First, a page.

Enigmatic Code

Programming Enigma Puzzles

Puzzle #44: Elevator pitch

From New Scientist #3267, 1st February 2020 [link] [link]

On the way back from a party the other day, my daughter and I got into an elevator. I was holding a cup of water with an ice cube floating in it, while my daughter was admiring her helium-filled balloon as it floated above her on a slack string. Our only company in the elevator was a spider, dangling from the lift’s ceiling on a thin thread of silk. As the lift accelerated upwards, what did we see happening to the balloon, the ice cube and the spider?


3 responses to “Puzzle #44: Elevator pitch

  1. Jim Randell 5 February 2020 at 10:41 am

    More of a Physics question, but here are my thoughts:

    When the lift starts accelerating upwards thing are generally going to want to stay where they are, so you would expect most things that have some freedom of movement to be observed to dip down initially (to an observer inside the lift), but there will be various other forces acting on them too.

    The spider is tethered to the top of the lift, so will be pulled upwards by the thread. But as the lift starts to move the thread will elongate slightly, so initially the spider will appear to dip down slightly to the occupants of the lift.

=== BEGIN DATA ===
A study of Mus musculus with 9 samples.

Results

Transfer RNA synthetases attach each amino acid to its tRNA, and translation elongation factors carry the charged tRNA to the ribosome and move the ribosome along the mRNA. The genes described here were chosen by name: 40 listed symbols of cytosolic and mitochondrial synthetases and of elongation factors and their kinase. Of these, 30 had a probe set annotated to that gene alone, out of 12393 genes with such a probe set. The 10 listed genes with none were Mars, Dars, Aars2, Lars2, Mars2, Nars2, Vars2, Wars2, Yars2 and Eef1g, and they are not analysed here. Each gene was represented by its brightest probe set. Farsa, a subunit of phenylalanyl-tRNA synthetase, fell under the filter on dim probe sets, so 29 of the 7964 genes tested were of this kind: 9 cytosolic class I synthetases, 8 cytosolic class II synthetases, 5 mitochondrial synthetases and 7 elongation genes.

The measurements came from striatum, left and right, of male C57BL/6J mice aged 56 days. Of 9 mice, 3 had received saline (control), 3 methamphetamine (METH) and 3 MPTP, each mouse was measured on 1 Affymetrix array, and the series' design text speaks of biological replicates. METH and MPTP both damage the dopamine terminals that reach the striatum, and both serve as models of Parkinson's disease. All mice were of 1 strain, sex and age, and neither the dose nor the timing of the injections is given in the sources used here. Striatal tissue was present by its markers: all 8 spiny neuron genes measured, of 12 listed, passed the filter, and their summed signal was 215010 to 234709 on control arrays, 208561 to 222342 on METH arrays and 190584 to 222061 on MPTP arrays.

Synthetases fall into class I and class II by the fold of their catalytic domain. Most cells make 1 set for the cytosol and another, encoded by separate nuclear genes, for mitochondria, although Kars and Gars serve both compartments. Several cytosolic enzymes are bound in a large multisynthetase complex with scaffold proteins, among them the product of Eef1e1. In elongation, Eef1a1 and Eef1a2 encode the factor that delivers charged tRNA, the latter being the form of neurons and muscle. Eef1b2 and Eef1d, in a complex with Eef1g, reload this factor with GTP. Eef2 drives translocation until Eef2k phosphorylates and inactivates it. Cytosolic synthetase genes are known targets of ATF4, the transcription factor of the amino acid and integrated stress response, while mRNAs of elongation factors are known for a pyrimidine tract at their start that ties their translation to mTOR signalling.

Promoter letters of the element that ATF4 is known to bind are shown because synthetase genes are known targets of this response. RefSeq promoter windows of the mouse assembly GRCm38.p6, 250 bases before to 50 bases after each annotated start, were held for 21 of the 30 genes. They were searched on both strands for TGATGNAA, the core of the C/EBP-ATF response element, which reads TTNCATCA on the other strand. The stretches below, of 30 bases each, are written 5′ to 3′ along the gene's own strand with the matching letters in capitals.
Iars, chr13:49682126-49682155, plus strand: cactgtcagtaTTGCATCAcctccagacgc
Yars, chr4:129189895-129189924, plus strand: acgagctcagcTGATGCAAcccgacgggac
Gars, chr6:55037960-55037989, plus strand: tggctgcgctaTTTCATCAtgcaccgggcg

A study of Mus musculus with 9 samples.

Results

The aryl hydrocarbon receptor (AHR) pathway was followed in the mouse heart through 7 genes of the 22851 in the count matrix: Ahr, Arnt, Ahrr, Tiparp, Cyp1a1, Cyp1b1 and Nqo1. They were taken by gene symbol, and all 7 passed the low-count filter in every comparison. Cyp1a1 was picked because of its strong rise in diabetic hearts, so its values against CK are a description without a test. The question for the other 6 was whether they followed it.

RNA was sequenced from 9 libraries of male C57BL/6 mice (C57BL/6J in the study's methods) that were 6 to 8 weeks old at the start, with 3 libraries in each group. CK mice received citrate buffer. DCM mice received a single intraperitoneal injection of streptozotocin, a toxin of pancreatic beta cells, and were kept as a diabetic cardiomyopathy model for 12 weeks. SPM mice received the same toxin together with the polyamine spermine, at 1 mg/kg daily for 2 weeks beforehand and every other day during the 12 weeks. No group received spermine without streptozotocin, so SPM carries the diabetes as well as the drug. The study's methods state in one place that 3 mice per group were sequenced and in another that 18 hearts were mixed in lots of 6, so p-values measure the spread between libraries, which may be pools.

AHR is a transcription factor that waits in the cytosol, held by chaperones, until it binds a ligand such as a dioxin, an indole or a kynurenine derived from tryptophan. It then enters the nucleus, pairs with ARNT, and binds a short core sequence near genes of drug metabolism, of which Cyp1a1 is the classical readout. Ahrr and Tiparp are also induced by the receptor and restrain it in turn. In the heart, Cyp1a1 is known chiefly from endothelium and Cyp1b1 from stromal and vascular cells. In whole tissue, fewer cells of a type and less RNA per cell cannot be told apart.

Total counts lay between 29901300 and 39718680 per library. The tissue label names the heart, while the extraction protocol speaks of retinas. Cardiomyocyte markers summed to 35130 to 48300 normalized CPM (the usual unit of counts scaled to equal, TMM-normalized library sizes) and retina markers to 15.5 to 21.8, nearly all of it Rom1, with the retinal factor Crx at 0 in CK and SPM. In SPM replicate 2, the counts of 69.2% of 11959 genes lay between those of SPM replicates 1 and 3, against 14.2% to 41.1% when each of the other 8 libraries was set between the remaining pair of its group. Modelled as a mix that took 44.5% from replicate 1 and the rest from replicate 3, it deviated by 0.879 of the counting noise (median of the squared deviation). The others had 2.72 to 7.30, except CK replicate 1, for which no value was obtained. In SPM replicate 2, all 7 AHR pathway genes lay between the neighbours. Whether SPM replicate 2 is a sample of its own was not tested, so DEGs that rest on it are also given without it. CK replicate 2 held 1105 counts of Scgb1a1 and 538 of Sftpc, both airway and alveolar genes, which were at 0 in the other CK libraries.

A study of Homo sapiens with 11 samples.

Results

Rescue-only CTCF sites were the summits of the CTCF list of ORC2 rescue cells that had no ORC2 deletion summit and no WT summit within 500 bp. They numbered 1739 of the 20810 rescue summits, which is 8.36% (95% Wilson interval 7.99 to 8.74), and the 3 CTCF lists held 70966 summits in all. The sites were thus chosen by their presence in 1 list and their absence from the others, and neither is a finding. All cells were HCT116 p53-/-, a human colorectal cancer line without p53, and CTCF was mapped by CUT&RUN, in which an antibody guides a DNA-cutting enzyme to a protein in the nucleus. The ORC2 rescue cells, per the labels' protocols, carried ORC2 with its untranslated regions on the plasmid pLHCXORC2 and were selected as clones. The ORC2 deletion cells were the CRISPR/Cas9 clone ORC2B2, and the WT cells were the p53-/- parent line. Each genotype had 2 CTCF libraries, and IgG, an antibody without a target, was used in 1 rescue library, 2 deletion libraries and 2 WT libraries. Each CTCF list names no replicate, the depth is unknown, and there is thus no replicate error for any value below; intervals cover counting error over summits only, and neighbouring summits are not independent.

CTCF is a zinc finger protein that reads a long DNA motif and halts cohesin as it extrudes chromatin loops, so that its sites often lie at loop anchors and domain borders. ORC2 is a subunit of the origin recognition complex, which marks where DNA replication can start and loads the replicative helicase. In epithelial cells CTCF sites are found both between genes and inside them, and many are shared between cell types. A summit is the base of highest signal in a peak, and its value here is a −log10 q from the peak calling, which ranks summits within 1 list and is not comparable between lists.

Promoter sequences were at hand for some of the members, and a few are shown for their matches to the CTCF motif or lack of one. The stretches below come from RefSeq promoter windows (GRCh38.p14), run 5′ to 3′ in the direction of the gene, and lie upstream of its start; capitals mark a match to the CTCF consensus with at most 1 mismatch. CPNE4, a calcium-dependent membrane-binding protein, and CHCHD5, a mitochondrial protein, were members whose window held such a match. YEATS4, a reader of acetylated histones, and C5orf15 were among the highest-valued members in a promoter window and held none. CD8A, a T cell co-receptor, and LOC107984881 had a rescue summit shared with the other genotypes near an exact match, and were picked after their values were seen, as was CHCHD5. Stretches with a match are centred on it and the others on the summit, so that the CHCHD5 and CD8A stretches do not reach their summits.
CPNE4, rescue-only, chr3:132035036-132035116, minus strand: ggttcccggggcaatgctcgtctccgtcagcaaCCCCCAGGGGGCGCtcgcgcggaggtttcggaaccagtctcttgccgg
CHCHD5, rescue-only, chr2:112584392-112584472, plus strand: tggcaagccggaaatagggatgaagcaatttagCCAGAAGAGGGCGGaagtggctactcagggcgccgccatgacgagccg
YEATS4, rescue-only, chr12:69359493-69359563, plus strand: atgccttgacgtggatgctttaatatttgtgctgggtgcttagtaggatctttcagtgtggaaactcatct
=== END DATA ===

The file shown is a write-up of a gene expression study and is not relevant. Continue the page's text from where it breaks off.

If the cup is held steady (or placed on a shelf) the water in it will be pushed upwards, and the ice cube will be observed to sink slightly.

    As for the balloon, I think the air in the lift will tend to stay where it is, but it can’t escape, so it will become denser at the bottom of the lift and less dense at the top of the lift. So the balloon will be observed to rise slightly towards the less dense air.

    I think it would be difficult to do a practical experiment, as I don’t think most lifts accelerate for very long. Maybe a fast lift in a very tall building would be required.

    • Jim Randell 6 February 2020 at 9:08 am

      Having read up about lifts it seems that lifts accelerate at about 1m/s² and the fastest lifts get to about 20m/s, so there is potential for a considerable period of constant acceleration.

      If the lift is undergoing constant acceleration, Einstein tells us this is the same as gravity being increased. Which means that the spider’s thread would be elongated slightly. There would be no effect on the floating ice cube, and probably no effect on the floating balloon. (The depth that floating objects sink to is independent of gravity).

      • Jim Randell 9 February 2020 at 9:44 am

        The official solution is the same as this one, that during a period of constant acceleration the spider’s thread elongates slightly, and the floating objects are unaffected. Disappointingly it doesn’t include a link to a slow motion video taken in a lift to show the actual observed behaviour. (I always like constructive solutions).